State Superintendent Says Many School Districts Are On A Financial Cliff
Thursday, December 1, 2011
SAN DIEGO San Diego Unified may not be alone in facing insolvency if mid-year state budget cuts go through. California Superintendent of Public Instruction Tom Torlakson thinks bankruptcy is looming for districts across the state.
Kyla Calvert speaks to host Joanne Faryon about education cuts.
Evening Edition airs weekdays at 5 PM and 6:30 PM on KPBS TV.
San Diego Unified hired back about 300 laid off teachers with money it got from optimistic revenue projections used to balance this year’s state budget. Now that revenues are falling short, the district is struggling to figure out how to make up for about $26 million it could lose in February.
Torlakson says similar decisions - and four years of cuts to state funding - could leave a lot of districts facing insolvency.
"They’re running out of the one-time options they used to have like a reserve fund they could tap; personnel have been laid off," he said. "They’re down, in many cases, to bare minimum staffing and classrooms now with 37, 38, 40 students per classroom in college prep chemistry or college prep literature. This is not right.”
When the legislature passed this year's budget they added $4 billion to projections of state revenues. The budget included automatic cuts that will be implemented if revenues don't hit that ambitious target. The automatic cuts have been divided into three tiers, triggered with shortfalls of $1 billion, $2 billion and $4 billion.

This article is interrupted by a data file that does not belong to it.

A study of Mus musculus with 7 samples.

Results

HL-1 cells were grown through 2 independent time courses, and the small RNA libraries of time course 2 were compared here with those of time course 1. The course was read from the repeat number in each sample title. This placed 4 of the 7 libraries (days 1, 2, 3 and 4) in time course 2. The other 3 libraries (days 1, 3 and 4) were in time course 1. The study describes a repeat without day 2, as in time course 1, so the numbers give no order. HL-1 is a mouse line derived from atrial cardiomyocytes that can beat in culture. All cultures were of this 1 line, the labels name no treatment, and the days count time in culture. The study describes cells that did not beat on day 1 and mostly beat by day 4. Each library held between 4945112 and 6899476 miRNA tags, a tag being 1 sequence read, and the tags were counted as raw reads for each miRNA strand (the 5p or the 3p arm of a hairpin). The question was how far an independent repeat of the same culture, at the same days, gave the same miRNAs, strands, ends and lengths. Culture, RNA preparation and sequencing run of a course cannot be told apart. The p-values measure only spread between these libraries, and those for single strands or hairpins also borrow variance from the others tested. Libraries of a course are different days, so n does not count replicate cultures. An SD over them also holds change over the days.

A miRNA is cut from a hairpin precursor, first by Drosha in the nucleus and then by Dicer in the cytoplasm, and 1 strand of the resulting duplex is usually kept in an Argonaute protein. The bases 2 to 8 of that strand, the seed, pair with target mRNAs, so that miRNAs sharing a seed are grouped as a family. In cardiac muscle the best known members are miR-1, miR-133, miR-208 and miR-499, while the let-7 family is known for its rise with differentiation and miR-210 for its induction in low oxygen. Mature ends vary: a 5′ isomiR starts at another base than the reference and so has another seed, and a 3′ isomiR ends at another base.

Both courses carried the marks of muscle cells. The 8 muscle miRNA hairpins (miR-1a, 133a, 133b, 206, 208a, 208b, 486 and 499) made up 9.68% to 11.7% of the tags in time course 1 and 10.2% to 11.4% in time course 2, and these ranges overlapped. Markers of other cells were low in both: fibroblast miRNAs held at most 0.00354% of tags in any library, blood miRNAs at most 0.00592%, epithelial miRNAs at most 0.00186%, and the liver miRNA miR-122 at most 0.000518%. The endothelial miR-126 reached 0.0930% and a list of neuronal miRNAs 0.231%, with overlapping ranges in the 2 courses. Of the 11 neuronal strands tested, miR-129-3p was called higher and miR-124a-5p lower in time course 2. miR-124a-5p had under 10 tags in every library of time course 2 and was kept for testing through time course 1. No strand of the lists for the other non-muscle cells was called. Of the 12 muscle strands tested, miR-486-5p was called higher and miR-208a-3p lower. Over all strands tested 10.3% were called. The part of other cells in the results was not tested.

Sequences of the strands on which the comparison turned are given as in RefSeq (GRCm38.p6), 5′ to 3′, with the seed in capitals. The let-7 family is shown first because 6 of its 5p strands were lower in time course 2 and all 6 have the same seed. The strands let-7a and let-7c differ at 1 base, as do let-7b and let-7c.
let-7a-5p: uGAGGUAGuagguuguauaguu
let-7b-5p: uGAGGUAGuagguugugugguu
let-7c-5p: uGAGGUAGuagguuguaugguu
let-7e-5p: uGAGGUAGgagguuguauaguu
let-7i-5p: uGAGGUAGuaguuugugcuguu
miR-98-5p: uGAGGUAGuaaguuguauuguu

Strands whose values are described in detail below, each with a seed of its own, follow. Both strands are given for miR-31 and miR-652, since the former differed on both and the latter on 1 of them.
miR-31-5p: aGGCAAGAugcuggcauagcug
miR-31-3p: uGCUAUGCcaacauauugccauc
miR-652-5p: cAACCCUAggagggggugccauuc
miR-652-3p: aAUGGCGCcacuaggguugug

A report from the state's legislative analyst predicted revenues will be $3.7 billion short at year's end. A shortfall that large would trigger the second tier of reductions, which includes a $650-million cut to K-12 education.
Cutting instruction time is one option for saving money: School districts are approved to cut seven more school days from an already shortened minmum school year to make up for a funding loss.
“We’re competing against China and Indonesia and India, European countries where they’re in school not 180 days, but 200, 210, 215 days," Torlakson said. "And here we’re talking about going from 180 days, which is already not making sense, going down to 165 days? It’s the wrong direction.”
The superintendent said he wants to see legislators bring back taxes and fees that expired in June, or let voters weigh in on a ballot initiative to bring them back, to generate more revenue for schools.